Health & Science
A generation’s favorite tune: ‘I’m So Vain’
Young people “love themselves more today than ever before,” says University of Kentucky psychologist Nathan DeWall, and the proof is in their music. He and his colleagues analyzed the lyrics of Billboard Hot 100 songs from the past three decades and found a steady increase in self-centeredness and hostility toward others. “In the early ’80s lyrics, love was easy and positive, and about two people,” study co-author Jean Twenge tells The New York Times. “The recent songs are about what the individual wants, and how she or he has been disappointed or wronged.” The study found a marked increase in the prevalence of the words “I” and “me” in song lyrics, and fewer instances of “we” and “us.” It also registered a jump in angry lyrics about hating and killing, and a drop in songs containing positive words like “love” or “sweet.” The researchers suggest that rampant narcissism may be making it harder for people to connect with one another. They point to other surveys that show that more people are apt to feel sad and lonely now than in previous decades.
Unlocking Mars’ watery past
New radar images have unearthed “a buried treasure” of dry ice beneath Mars’ south pole, NASA scientist Jeffrey Plaut tells the Associated Press. The enormous cache of frozen carbon dioxide, roughly the size of Lake Superior, helps explain why water would periodically be able to collect on the Red Planet’s surface. Every 100,000 years or so, Mars tilts on its axis, allowing more sunlight to reach its south pole and turn that deposit into carbon-dioxide gas. The gas would make the atmosphere more dense, and the greater atmospheric pressure would allow water to pool on the surface as a liquid, rather than exist solely as vapor. A denser atmosphere would also give rise to hurricane-strength dust storms, making the planet “an unpleasant place to hang out,” says lead researcher Roger Philips. Judging from dry riverbeds and deep canyons on Mars’ surface, the planet once had a moist, tropical climate, perhaps billions of years ago. The next challenge for scientists is figuring out how and why the planet eventually lost its surface water.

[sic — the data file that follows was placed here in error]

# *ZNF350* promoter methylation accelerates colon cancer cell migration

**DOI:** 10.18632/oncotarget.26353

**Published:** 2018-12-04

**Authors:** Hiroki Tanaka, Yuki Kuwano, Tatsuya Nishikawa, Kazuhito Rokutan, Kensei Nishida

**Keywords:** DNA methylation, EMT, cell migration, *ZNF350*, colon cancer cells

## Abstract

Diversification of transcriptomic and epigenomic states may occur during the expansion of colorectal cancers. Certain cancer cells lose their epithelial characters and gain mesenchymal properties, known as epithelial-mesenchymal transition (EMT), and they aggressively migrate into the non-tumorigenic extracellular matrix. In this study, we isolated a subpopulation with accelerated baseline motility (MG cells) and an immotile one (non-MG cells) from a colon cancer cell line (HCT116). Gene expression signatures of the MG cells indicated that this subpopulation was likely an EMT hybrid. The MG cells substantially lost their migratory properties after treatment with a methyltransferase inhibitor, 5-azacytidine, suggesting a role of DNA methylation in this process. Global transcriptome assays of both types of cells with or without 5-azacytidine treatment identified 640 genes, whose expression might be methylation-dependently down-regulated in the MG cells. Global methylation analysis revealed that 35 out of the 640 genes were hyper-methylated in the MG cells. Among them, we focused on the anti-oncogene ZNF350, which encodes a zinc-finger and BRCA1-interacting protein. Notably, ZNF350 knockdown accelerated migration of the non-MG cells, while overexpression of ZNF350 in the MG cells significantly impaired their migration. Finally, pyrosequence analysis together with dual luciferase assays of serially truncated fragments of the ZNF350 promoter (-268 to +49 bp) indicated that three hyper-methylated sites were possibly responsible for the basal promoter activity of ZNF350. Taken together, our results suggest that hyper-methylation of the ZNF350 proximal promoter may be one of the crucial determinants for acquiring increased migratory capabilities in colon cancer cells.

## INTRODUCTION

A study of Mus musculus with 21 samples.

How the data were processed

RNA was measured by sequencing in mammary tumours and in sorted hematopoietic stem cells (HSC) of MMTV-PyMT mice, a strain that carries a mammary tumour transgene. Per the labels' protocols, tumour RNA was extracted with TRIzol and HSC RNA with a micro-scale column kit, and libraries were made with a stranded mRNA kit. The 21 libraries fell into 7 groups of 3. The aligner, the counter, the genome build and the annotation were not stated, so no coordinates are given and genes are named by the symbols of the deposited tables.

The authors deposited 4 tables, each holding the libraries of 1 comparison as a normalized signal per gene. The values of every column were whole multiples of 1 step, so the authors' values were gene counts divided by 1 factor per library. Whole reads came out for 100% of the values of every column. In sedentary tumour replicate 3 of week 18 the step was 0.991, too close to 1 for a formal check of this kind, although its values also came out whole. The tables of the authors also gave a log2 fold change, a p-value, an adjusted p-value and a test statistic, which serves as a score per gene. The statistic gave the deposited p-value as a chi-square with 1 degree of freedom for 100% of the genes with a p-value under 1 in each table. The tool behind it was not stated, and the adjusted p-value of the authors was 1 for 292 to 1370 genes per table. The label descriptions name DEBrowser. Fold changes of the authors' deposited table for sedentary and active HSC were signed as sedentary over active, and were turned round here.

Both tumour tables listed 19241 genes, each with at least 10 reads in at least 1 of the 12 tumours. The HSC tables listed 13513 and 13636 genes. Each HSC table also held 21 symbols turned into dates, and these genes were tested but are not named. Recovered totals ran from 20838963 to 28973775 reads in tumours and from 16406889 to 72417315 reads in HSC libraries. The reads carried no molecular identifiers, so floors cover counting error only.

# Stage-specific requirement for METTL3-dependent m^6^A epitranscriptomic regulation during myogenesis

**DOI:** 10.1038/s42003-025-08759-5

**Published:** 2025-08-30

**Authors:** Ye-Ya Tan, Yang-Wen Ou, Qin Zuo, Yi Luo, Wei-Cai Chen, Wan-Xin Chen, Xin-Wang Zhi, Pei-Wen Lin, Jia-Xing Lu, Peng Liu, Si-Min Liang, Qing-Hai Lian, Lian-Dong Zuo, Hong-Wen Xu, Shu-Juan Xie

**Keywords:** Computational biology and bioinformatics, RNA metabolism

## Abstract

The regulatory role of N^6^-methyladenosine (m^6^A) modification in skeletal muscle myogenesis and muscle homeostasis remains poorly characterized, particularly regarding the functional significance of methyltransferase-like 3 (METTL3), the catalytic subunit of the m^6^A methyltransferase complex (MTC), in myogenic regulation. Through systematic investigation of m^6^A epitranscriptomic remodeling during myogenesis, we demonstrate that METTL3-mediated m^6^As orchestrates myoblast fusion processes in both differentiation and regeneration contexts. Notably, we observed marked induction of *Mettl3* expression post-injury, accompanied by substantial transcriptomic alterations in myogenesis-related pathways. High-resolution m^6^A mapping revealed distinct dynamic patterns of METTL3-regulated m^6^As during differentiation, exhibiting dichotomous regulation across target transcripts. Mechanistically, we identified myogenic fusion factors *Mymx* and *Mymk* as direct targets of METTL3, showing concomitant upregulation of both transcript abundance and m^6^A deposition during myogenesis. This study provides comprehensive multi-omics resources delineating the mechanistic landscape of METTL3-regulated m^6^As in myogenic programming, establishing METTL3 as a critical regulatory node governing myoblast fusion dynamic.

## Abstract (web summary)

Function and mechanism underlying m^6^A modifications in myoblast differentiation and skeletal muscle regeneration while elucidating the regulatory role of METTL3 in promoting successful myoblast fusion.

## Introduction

Fire ants’ cohesive genius
Fire ants aren’t just stinging nuisances, researchers at the Georgia Institute of Technology have found. They are also marvels of engineering teamwork. When a colony is washed out by flood, thousands of the insects quickly assemble into a tightly woven pancake-shaped raft that can float for months without a single ant drowning. “Together they form this really complex material” that water can’t get through, lead researcher Nathan Mlot tells Nature.com. You could even mold the ant cluster “into a ball and toss it up in the air, and all the ants would stay together.” That unique quality comes partly from their superstrength—ants can grip one another with their legs and mandibles with a force 400 times greater than their body weight—but also because the insects are so well organized. By quickly interlocking their thousands of bodies, they create a rough surface that traps air for breathing, makes them more buoyant, and repels water much like the waterproof fabric Gore-Tex does. Bioengineers say the ants offer useful design lessons for everything from better crowd-control schemes to floating robot swarms that clean up oil spills.
Warding off dementia
Just getting out of the house is enough to cut in half your odds of developing Alzheimer’s disease. That’s the heartening conclusion of researchers at the Rush Alzheimer’s Disease Center after they tracked a group of more than 1,000 initially healthy seniors over five years. They found that those who participated in social activities—like lunching with friends, volunteering, or going to church—were 50 percent less likely to develop signs of dementia; the most outgoing seniors reduced their risk by 75 percent. While becoming housebound has long been linked to cognitive decline, scientists hadn’t been sure whether that was just because memory loss makes seniors feel less like going out. Study author Bryan James tells LiveScience.com that his findings suggest it’s the other way around—“that social inactivity itself leads to cognitive impairments.” People who never leave their comfort zone “aren’t engaging with their environment and meeting new people,” he says. “They may not be using their minds as much.” Interacting with others may be a kind of mental exercise that keeps the brain fit. As James puts it, you can either choose to give your mind a regular workout “or lose it.”